The basic structure of graphic design consists of three basic elements:
1. Dot – is the smallest element of graphic design. Depending on a distance points of various sizes can be perceived. Designing with dots or points can create a wide variety of visual effects. There are various associations that can be made with positioning a single dot in different areas of a page. Single point in a center of an area can convey calm.
But if you shift the point towards the edge of the paper it becomes tension.
Repetition can create textures and make stimulating and vivid effects through combining of different sizes.
2. Line – the arrangement of dots with a constant distance between them. “Every linear expression derives from a point set in motion” – Andrian Frutiger. Line is much more dynamic in character than a dot. The simplest form of a line is a straight line (—————–).
Vertical line makes an active, light effect:
Horizontal – passive and heavy:
Â Diagonal lines can be read as ascending (bottom left to top right) or descending (top left to bottom right):
Lines can be bent, curved, connected and intersected, etc. thus bringing various suggestions of motion and creating different dynamics for a design:
3. Area – is an enclosed, two-dimensional figure inclosed by a homogeneous surface that is usually presented in two dimensions and formally limited by one or several linear segments. Such as circle, ellipse, square, rectangle, triangle.
Circle has no end-point and thus a symbol of infinity. It conveys less tension than any other areas and is not pulling in any direction. It’s static, balanced and harmonious. The eye is always drawn to the center.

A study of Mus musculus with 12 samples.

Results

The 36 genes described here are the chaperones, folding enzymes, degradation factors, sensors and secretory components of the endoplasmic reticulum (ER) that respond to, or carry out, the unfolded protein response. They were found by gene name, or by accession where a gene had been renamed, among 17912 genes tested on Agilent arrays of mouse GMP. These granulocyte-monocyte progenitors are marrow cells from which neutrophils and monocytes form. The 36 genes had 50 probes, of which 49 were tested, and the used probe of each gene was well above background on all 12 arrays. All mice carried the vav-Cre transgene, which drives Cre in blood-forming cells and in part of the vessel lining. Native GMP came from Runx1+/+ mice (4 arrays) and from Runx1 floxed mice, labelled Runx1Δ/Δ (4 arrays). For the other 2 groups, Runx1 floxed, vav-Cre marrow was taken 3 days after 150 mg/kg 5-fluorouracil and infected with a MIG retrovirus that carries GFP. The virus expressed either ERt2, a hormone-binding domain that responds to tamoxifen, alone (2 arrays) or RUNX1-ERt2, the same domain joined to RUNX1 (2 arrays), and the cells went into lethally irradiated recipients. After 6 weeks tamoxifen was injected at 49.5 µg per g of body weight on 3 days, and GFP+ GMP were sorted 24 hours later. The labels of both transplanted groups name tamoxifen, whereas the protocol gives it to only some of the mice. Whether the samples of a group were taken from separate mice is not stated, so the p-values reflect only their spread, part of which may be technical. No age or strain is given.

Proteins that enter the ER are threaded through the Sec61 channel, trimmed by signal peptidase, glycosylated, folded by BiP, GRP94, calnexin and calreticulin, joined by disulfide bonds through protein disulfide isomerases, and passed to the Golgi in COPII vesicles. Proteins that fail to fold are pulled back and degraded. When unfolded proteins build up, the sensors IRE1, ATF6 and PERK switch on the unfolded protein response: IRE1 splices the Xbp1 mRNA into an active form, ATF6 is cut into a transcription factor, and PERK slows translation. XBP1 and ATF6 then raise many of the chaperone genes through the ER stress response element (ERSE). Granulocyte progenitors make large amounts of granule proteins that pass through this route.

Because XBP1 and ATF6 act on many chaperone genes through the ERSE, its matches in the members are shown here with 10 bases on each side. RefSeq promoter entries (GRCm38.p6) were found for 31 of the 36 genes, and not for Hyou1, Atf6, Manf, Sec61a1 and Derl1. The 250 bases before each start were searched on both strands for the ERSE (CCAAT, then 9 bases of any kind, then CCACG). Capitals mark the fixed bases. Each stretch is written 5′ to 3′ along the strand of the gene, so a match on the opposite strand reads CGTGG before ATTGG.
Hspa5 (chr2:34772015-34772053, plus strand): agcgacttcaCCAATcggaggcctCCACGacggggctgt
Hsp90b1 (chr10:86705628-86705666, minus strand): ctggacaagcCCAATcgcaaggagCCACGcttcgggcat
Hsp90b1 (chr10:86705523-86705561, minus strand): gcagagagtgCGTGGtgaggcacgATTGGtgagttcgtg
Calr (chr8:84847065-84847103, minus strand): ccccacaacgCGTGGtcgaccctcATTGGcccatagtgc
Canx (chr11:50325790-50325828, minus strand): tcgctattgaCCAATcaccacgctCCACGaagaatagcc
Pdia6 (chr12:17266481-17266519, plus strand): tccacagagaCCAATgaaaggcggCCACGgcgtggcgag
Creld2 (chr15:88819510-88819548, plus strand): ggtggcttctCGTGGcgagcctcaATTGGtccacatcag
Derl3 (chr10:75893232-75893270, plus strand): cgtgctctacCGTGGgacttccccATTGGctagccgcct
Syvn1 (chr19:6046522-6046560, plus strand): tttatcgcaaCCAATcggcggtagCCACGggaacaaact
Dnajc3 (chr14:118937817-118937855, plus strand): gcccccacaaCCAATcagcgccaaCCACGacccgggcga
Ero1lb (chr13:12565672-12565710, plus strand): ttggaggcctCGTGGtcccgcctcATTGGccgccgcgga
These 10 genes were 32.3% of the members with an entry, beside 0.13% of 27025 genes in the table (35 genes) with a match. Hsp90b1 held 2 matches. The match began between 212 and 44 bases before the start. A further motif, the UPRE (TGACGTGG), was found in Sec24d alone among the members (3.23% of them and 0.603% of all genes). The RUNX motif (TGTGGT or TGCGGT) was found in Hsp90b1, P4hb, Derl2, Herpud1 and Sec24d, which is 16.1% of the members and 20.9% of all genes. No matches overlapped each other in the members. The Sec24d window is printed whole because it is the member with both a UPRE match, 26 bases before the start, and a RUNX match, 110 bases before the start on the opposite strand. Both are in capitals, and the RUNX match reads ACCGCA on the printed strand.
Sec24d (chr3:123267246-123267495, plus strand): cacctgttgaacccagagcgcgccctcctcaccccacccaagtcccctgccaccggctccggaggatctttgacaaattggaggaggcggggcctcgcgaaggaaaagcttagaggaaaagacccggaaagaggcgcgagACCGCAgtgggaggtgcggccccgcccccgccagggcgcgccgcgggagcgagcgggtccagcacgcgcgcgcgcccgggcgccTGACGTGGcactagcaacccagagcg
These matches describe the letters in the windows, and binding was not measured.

Ellipse – more dynamic than circle. If placed upright it suggests movement upwards, but also instability. Placed horizontally it becomes more static and repose.
Square – a rectangle whose sides are parallel, the same length. When the square is on one of its sides – the perception is of calm, stability, functionality. When turned on its point, it becomes more dynamic and playful and unstable.
Â Rectangle – is a four-sided figure with right angles; the lengths of rectangles must differ clearly to not be confused with square. It can be placed vertically or horizontally. Almost all paper formats are rectangular. It is more active than a square. When set horizontally it is more stable, secure, heavy, supporting, etc. When placed vertically – suggests more lightness, movement, activity and narrowness. When set on one of its points it tends to break composition apart and bring in a feeling of instability and tension.
Triangle – has the strongest directional component of all. When used in design or composition, it is always dynamic, with most acute angle as focal point and lesser angled base as a ground of composition/information. A triangle is used most widely in portraiture paintings.